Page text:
Politics

Nicaragua’s Ortega seeks re-election after jailing rivals


MANAGUA, Nicaragua — Nicaraguan President Daniel Ortega sought a fourth consecutive term in elections the United States has called a “pantomime” following the jailing of his top rivals and the country’s opposition has urged voters to boycott.

Ortega has railed against alleged interference by Washington in Sunday’s elections to determine who holds the presidency for the next five years, as well as 90 of the 92 seats in the congress and Nicaragua’s representation in the Central American Parliament.

The ruling Sandinista Front and its allies control the congress and all government institutions. Ortega first served as president from 1985 to 1990, before returning to power in 2007. He recently declared his wife, Vice President Rosario Murillo, his “co-president.”

Voting was orderly and closed Sunday evening without reported incidents. Provisional vote totals were expected Monday.

The opposition had called on Nicaraguans to stay home in protest of an electoral process that has been roundly criticized as not credible by foreign powers. In June, police arrested seven potential presidential challengers to Ortega on charges that essentially amount to treason. They remained in detention on Election Day. Some two dozen other opposition leaders were also swept up ahead of the elections.

The remaining contenders on Sunday’s ballot were little known politicians from minor parties seen as friendly with Ortega’s Sandinista Front.

On Saturday, the Blue and White National Union, an opposition alliance, issued an alert after at least eight of its leaders were “abducted by the regime in illegal raids” Saturday afternoon and evening.

The Civic Alliance, another opposition coalition, reported “harassment, surveillance, intimidation, assault, attacks, illegal and arbitrary detentions” of some of its leaders around Nicaragua.

“The Ortega and Murillo family now rule Nicaragua as autocrats, no different from the Somoza family that Ortega and the Sandinistas fought four decades ago.”

President Joe biden said

On Sunday, Mayela Rodríguez found her local voting center at a school in Managua virtually empty. “In past years it was really full,” she said. “Before you had to (wait) in a big line to come here and now, empty.”

Around midday, Ortega spoke live on television after voting — he held up his inked finger.

He blasted the United States for interference in Nicaragua, noted there had been alleged fraud in the last U.S. election, reminded that those who stormed the U.S. Capitol were called terrorists and remain jailed. He repeated his claim that the U.S. government supported huge protests in Nicaragua in April 2018, which he has called an attempted coup.

“They have as much right as we do to open trials against terrorists,” Ortega said.

In a statement released around the close of voting, U.S. President Joe Biden called Nicaragua’s election process “rigged” and said the U.S. would use the tools at its disposal to hold the Nicaraguan government accountable.

“The Ortega and Murillo family now rule Nicaragua as autocrats, no different from the Somoza family that Ortega and the Sandinistas fought four decades ago,” Biden said.

He criticized the vote as a “pantomime election that was neither free nor fair, and most certainly not democratic.”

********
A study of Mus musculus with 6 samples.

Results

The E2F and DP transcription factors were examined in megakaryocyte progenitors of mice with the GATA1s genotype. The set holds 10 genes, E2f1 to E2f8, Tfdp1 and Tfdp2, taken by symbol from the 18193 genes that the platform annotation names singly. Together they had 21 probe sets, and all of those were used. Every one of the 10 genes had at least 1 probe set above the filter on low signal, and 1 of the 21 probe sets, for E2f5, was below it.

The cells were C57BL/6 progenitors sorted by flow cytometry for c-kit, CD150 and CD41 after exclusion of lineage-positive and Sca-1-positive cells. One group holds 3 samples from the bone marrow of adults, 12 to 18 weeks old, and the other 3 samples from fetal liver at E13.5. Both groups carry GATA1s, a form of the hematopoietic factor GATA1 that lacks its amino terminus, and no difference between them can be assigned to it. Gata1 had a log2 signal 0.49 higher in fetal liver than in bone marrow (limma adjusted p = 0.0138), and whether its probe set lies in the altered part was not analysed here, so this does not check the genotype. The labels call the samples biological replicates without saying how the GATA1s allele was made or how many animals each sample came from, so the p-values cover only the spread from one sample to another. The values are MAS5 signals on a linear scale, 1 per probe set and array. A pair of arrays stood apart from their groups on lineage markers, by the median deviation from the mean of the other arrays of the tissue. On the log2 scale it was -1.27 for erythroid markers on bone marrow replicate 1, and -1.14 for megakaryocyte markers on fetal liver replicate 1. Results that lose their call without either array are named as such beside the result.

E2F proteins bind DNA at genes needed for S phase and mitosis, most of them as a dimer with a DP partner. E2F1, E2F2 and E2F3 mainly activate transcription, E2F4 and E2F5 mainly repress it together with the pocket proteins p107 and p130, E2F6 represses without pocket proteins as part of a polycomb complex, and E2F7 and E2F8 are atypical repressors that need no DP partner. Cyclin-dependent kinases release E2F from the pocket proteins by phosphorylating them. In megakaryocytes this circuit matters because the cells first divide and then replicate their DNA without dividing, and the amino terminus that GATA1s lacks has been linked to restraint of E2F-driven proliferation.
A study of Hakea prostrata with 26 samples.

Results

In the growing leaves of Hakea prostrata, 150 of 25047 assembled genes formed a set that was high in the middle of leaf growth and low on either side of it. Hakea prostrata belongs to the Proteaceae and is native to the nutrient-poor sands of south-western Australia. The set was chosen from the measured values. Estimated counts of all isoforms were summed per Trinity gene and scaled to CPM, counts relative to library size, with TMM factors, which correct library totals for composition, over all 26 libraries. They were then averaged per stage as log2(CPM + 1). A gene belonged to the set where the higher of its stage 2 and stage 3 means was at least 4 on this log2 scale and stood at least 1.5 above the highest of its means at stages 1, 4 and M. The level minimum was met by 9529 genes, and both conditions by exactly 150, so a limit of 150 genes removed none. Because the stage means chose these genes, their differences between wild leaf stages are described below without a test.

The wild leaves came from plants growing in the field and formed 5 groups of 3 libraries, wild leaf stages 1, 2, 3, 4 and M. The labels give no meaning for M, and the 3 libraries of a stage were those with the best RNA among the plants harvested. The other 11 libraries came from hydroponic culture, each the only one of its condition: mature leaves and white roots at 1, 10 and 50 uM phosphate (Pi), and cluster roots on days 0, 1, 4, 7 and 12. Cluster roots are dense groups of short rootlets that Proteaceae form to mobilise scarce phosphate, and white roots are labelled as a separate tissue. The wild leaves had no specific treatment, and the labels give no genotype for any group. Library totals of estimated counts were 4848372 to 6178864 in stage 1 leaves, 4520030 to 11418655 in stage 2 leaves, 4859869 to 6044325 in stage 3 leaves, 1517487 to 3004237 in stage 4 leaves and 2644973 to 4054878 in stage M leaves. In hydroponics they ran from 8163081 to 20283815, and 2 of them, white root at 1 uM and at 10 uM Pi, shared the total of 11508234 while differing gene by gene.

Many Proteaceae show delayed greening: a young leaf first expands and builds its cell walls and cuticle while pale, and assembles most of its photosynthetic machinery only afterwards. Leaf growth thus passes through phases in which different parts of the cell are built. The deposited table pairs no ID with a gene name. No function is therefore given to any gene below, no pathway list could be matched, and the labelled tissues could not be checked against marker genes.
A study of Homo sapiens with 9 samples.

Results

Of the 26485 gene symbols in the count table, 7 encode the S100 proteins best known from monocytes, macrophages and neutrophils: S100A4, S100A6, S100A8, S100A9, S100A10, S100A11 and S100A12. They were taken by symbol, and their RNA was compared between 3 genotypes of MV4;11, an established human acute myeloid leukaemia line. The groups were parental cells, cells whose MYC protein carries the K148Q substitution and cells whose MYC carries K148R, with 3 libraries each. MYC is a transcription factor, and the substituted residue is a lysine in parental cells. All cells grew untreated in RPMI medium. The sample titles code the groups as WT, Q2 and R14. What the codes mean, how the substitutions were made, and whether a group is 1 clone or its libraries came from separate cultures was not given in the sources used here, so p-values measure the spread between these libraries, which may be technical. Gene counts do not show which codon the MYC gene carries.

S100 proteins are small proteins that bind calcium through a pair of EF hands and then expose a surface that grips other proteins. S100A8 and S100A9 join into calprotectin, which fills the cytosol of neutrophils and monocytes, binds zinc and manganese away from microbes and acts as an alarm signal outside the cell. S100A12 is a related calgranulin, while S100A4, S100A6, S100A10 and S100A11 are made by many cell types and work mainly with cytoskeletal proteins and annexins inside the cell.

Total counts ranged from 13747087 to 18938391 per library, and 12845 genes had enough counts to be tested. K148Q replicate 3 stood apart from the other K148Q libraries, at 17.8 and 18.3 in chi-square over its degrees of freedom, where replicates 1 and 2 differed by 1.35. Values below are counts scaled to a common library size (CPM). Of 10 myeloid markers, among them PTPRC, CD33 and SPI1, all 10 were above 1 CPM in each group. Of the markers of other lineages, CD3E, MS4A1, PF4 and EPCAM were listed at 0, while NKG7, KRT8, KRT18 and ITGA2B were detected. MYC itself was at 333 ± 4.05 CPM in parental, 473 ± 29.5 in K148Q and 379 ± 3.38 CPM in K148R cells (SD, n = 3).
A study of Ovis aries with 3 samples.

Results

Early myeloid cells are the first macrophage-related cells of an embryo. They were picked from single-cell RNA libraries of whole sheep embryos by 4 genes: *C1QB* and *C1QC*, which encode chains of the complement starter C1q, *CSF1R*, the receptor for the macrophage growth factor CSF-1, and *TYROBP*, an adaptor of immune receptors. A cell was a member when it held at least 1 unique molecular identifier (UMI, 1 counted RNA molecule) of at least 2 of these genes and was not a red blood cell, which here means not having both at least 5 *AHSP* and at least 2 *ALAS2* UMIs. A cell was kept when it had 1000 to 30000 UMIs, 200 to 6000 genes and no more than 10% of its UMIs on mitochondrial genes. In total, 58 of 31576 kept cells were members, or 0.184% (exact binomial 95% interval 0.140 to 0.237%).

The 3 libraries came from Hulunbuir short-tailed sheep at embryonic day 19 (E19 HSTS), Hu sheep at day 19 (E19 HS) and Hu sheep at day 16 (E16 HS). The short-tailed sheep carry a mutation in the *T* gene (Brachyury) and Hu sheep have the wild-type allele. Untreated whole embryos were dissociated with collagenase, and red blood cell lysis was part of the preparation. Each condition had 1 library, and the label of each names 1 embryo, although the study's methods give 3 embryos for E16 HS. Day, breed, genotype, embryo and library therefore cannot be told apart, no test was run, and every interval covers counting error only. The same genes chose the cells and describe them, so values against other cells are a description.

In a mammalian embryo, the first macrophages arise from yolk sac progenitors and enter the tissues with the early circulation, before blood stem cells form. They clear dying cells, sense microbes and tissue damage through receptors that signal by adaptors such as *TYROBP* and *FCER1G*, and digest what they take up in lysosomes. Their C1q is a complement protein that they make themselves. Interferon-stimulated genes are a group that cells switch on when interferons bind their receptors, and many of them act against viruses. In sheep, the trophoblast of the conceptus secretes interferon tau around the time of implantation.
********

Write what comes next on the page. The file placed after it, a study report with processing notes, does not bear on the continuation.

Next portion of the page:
In neighboring Costa Rica, President Carlos Alvarado Quesada tweeted that his government won’t recognize the election because of “the lack of democratic conditions and guarantees.”

Nicaraguan Foreign Minister Denis Moncada said the peaceful vote sends a message to the world powers that “Nicaraguans are dignified patriots and we are not going to bend to their threats, sanctions and non-recognition of the elections.”

People wait in line at a polling station in Managua on Sunday.Oswaldo Rivas / AFP via Getty Images

With little doubt as to the presidential election result, focus is already turning to what the international response will be as Ortega seeks to tighten his grip on power.

The United States and European Union have imposed sanctions against those in Ortega’s inner circle, but Ortega responded only by arresting more of his opponents.

On Friday, a senior U.S. State Department official, who spoke with reporters on the condition of anonymity, said the U.S. government was willing to consider additional targeted sanctions, but had tried to avoid measures that would more broadly impact the Nicaraguan people.

“It is very hard when you have a government that has very minimal goals that include remaining in power at any cost and disregarding the will of their own citizens or the needs of the citizens to retain that power,” the official said.

The Organization of American States will hold its annual general assembly in Guatemala later this week. Guatemala, Honduras and Mexico were among seven countries that abstained from a vote on a resolution last month in the OAS condemning the repression in Nicaragua.

International observers present for past Nicaraguan elections were not present. Instead, the government accredited 232 “electoral companions,” mostly from leftist governments and parties.

Among them was Dmitry Novikov, representative of Russia’s Duma. He visited several polling places and said he observed “respect for the principal of non interference” and criticized European leaders who questioned the election.

Gerardo Berthin, director of Latin American and Caribbean programs for the democracy promotion organization Freedom House, said Sunday the vote was going as scripted by Ortega.

“This is what they want in terms of showing people voting, even though we know that they have lists actually of people who work for the government and they are checking who’s going and who is not,” Berthin said.